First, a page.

New York Senator Chuck Schumer called on FEMA to approve a $40 million project to make Island Park more resilient to storms following Superstorm Sandy.
“Very few communities in America suffered the devastation and natural disaster that Island Park suffered,” said Schumer, standing by the Island Park Harbor at a June 16th press conference. “Ninety-five percent of the homes had flooding, two schools were damaged, a hundred businesses, commercial properties, an administrative building and a public library.”
Anthony D’Esposito, chief of the Island Park Fire Department, is all too familiar with the catastrophe that was Sandy.
“Our streets along the canals had eight to ten feet of water,” said D’Esposito. “As someone who’s lived here my entire life, I hope that in my time this community and our neighbors never see anything like that again.”
The Village of Island Park is still recovering after almost two years since the disaster.
“Still today, people have not returned to their homes and Village Hall continues to operate out of a trailer,” said former Senator Alfonse D’Amato, who was present at the conference.
FEMA’s Hazard Mitigation Grant Program (HMGP) recently received a $157 million boost in funding. Schumer aims to allocate $40 million from the HMGP for Sandy relief and storm disaster prevention.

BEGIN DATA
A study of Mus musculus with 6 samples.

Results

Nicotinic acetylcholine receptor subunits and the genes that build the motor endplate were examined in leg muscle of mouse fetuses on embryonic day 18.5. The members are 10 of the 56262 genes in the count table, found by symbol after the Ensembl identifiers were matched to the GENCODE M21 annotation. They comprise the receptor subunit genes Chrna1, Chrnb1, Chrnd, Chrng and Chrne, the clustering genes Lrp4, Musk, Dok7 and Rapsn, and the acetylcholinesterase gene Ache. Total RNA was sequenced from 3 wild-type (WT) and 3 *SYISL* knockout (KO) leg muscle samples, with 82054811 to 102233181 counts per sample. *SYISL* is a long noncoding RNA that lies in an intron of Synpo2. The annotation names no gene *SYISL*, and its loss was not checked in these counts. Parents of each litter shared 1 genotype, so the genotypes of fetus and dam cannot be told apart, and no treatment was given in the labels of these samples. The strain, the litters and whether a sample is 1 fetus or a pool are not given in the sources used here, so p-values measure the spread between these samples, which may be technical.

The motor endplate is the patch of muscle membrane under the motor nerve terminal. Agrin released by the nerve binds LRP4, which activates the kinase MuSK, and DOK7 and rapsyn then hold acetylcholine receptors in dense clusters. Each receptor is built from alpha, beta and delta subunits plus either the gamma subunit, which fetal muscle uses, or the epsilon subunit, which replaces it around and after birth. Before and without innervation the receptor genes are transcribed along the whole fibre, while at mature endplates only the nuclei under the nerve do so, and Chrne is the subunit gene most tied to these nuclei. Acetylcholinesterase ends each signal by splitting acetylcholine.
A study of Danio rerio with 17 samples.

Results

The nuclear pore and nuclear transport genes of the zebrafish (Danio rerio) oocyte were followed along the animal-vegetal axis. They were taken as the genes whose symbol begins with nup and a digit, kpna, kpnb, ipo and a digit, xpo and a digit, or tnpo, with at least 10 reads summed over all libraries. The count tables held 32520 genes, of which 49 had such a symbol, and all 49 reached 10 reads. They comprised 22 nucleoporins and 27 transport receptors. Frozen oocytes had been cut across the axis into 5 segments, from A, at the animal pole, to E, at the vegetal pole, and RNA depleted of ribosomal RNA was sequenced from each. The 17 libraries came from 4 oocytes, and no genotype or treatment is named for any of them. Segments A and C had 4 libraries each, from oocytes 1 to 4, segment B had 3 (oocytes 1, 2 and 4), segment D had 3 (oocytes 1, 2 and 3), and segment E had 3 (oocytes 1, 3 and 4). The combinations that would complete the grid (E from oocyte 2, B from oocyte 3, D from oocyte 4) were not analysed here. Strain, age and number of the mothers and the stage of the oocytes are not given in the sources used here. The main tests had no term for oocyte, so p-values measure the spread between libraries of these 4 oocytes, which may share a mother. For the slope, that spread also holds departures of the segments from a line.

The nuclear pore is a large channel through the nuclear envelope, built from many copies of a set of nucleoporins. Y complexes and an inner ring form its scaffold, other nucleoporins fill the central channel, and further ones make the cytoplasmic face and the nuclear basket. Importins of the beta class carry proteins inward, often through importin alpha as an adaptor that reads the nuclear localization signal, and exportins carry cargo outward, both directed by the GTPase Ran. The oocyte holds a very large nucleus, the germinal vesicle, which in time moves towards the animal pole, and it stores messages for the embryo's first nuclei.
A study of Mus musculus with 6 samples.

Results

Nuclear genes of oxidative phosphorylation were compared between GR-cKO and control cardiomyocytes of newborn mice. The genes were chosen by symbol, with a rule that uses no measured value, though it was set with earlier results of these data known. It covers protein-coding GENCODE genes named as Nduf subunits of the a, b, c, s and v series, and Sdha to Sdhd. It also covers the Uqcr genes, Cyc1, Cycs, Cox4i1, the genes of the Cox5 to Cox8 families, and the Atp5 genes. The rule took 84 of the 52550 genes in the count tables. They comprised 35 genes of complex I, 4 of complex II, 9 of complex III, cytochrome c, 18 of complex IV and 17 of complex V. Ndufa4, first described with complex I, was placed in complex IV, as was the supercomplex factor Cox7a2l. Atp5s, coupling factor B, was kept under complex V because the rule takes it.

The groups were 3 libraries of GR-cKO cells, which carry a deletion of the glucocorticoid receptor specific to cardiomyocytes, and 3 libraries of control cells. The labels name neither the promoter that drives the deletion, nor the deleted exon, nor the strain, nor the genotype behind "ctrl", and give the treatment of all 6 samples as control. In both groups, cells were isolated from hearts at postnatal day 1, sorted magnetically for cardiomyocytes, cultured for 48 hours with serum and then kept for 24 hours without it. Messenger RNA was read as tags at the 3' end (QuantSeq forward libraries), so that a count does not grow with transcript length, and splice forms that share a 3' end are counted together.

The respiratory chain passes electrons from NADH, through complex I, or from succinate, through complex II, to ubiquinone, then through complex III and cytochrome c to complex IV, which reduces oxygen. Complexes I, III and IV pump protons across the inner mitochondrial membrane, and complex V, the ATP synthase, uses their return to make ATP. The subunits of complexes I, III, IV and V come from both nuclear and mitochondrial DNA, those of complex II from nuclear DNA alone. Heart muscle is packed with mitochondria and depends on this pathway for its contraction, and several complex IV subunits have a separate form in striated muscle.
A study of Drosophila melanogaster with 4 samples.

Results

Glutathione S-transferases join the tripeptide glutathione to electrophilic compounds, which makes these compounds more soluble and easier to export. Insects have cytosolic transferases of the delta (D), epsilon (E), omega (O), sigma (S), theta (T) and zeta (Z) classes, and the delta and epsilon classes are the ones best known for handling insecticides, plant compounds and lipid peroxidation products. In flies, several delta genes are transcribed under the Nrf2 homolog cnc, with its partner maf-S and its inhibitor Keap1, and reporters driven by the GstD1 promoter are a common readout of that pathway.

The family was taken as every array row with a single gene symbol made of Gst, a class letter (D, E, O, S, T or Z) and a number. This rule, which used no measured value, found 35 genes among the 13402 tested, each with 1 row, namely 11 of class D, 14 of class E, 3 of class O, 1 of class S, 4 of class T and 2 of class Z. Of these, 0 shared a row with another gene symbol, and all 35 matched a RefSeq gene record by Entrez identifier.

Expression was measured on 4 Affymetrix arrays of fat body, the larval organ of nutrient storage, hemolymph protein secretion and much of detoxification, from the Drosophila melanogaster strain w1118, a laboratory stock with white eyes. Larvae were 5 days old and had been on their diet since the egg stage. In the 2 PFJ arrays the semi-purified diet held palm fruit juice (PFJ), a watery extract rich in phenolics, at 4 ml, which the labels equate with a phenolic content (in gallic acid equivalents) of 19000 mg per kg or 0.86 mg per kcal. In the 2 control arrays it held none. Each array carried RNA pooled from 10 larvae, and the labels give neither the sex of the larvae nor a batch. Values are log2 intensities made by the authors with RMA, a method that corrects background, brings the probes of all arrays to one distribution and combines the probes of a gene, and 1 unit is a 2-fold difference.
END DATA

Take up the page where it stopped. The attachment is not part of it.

“I am urging FEMA today to make Island Park’s $40 million protection and recovery project the highest priority and to provide funds for this project and make it a reality,” Schumer said. “The application is in and there’s no time to waste.”
The first phase of the project will focus on a comprehensive engineering study to examine defects in existing roads, pipes, bulkheads and seawalls to form an effective storm protection strategy. The study will also examine drainage inlets and evaluate the installation of swirl separators, which prevent debris from clogging sewers.
Once the research is complete, structures to prevent future flooding will not only be rebuilt, but also improved to include modern-day pipes, roads, bulkheads and tide gates. Island Park’s drainage infrastructure dates back to 1940 and upgrading the pipe sizes to properly channel storm flow will be a top priority. Roads will also be raised to avoid chronic flooding.
“There’s always federal bureaucracy and there’s a lot of competition for this,” said Schumer regarding the $40 million grant. “I’m putting my weight behind the Island Park project. There’s more applications for the money than there is money obviously, but we did get a new trunk of money, they do listen to me, I helped write the [Sandy Relief Bill], so I have a little say in what happens.”